If you were a functional team manager and was asked to loan an employee for a long-term project, how would you assess his performance if he worked for the project manager? Functional managers and project managers must find middle ground and agree how to measure a functional employee’s performance while assigned to a project. There are several ways to measure and report performance, but this paper will describe and compare three techniques used by project managers today. This paper will also why it is important to have a documented performance management process and what could happen if it was missing.
Three Performance Measurement Methods
According to Kerzner (2009), there are generally nine methods used when evaluating project employees:
Graphic rating scale
Critical incident appraisal
Management by objectives
Work standards approach
Of these nine, this paper will choose three methods that are generally used in most companies – graphic rating scale, management by objectives, and ranking methods. Graphic rating scale is a method that is quick to set up but sometimes lacks the details and nuances of an employee’s performance and how the work was completed. Basically, the graphic rating scale is a form with a table that contains general statements about major work done on a project. Examples of these statements are “communicates effectively with peers” and “completes required work all of the time.” These rows in the table have a corresponding value that the project manager can select that best represents the employee’s performance on that topic. An example of these values are “strongly disagree” and “strongly agree.” Here’s what the form might look like:
Neither Agree or Disagree
Communicates with peers
Completed all work on time
As indicated earlier, this method is limited to what criteria is listed in the form and does not account for other employee competencies not listed on the form. Management by objectives is a very common method to measure performance. This method requires that a list of objectives be created before the project starts that the employee must aspire to meet or exceed. Large companies like Microsoft use this method to allow each employee to create their own objectives (called commitments inside Microsoft) at the beginning of each fiscal year. In some cases, employees get to choose which commitment they identify, while in other cases the management creates them and the employees must accept them. This is an effective method because it gives the employee an outline of what is expected of him during the project. The employee can refer back to the objectives regularly to help keep him focused.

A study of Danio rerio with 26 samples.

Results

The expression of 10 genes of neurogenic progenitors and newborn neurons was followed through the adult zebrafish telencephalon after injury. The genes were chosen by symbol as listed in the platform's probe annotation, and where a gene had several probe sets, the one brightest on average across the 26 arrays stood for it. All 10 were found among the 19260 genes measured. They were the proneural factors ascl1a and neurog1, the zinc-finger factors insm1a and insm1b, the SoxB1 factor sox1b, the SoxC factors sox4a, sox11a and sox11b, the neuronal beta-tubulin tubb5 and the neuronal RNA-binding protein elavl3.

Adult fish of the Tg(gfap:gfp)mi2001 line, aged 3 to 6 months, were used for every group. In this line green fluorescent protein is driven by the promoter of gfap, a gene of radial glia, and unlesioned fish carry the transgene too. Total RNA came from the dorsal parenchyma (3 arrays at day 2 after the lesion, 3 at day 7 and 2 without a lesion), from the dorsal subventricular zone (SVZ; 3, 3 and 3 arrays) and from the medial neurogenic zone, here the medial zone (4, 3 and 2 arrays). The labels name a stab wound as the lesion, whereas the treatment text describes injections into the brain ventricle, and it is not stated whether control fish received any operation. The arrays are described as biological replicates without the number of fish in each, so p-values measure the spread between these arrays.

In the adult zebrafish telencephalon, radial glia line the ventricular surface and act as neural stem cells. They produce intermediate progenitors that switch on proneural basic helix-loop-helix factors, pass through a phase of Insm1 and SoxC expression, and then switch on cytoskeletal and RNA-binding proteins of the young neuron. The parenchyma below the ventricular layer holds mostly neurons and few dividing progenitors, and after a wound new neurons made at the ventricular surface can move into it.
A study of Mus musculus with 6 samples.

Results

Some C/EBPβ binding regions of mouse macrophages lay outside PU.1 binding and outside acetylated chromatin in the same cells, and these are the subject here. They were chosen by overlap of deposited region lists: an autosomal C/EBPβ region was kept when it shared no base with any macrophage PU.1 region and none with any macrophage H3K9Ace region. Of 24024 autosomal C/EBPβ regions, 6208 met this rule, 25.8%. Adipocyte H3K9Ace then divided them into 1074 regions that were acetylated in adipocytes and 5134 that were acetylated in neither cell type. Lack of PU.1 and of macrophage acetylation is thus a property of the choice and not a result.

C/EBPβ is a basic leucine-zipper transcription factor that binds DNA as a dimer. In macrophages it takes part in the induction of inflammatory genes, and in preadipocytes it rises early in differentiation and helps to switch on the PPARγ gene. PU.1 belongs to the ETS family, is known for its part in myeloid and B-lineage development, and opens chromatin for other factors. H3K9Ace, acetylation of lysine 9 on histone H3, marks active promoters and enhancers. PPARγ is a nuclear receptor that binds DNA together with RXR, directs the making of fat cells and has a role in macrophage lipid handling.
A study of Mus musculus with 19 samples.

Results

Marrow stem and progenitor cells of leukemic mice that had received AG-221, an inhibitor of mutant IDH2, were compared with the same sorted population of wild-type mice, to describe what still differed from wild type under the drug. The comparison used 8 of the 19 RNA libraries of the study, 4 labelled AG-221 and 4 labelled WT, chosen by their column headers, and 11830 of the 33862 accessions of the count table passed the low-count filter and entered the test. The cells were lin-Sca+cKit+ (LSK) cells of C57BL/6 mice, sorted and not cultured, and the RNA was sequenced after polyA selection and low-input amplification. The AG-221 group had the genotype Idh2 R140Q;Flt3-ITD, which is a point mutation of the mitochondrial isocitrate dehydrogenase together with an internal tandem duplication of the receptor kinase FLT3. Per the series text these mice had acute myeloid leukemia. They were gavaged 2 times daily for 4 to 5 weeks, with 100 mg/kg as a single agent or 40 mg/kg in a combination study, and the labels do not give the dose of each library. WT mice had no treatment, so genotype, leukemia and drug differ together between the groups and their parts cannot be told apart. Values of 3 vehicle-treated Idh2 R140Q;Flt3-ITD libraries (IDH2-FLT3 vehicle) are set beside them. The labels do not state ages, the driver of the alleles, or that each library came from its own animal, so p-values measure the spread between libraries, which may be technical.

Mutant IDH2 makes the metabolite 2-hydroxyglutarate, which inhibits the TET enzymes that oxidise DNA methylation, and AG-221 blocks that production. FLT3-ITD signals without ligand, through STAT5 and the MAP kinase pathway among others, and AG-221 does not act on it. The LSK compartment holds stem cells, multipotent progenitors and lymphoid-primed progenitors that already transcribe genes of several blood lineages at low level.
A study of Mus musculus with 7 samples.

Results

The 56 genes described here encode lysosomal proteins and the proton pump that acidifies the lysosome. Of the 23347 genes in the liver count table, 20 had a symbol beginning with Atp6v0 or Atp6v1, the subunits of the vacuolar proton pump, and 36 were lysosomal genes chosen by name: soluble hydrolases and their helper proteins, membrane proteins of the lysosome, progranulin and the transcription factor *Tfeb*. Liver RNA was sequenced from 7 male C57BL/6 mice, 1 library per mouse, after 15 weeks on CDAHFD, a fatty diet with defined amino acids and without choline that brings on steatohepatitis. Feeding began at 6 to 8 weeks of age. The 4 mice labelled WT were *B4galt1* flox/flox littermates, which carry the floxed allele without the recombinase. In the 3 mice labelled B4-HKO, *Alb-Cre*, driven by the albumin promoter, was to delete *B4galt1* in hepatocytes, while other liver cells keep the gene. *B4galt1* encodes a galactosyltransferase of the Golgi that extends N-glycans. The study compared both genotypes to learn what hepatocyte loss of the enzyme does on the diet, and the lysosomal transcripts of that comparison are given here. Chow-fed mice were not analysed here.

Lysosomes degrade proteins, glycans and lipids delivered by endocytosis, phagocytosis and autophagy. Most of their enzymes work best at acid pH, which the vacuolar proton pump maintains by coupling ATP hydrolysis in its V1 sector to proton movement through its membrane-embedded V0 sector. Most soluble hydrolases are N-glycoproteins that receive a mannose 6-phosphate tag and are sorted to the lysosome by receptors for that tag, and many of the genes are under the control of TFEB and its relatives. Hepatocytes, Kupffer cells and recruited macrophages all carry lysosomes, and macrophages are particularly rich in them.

The ranking method can be effective, but it is not the most well-received or accurate performance measure. In this method, management gets together and compares the milestones, accomplishments, and results from each employee and creates a stack ranking of the team. The employees at the top of the list usually get more bonuses and other performance rewards, while the middle of the list gets the standard compensation and the bottom of the list might get nothing. This method is not popular with the employees because it relies too heavily on the debating skills of their manager. Also, the ranking system is sometimes subjective because there is no documented list of objectives that all employees should be measured. Often the employees that were assigned to a high-profile project usually get a higher ranking than others, even though the amount of work was the same.
Why We Measure Performance
Performance measurement is a critical part of the overall project. Firstly, measuring an employee’s performance in the project can provide justification for a promotion, bonus or merit increase in salary. Since project successes usually include some type of bonus payout, an effective performance measurement method can help the project manager determine which employees deserve larger compensation and which deserve less. Another benefit of performance management is that employees can learn about their strengths and weaknesses in their role. This can help employees identify learning or training opportunities to help them become more productive and more valuable to the company. If there was no performance measurement, how could the project manager identify future project team members and make note of low-performing project team members so they are not considered for future projects? Without this process, there would be no way for employees to get honest feedback about their performance. Most employees want this feedback so they can help the company succeed.
In every company, a project manager must use the resources he is given to complete the project. Sometimes he gets to choose his team, and sometimes not. Every company has many projects with often the same pool of employees doing the work. Most project managers would rather choose their project team based on past performance on other projects so they have a good chance of completing the project within the triple constraints. Without this form of measurement, it would be a guessing game – and no one wants to leave a project to chance.
Kerzner, H. (2009). Project Management: A Systems Approach to Planning, Scheduling, and Controlling (10th ed.). Hoboken, NJ: John Wiley & Sons, Inc.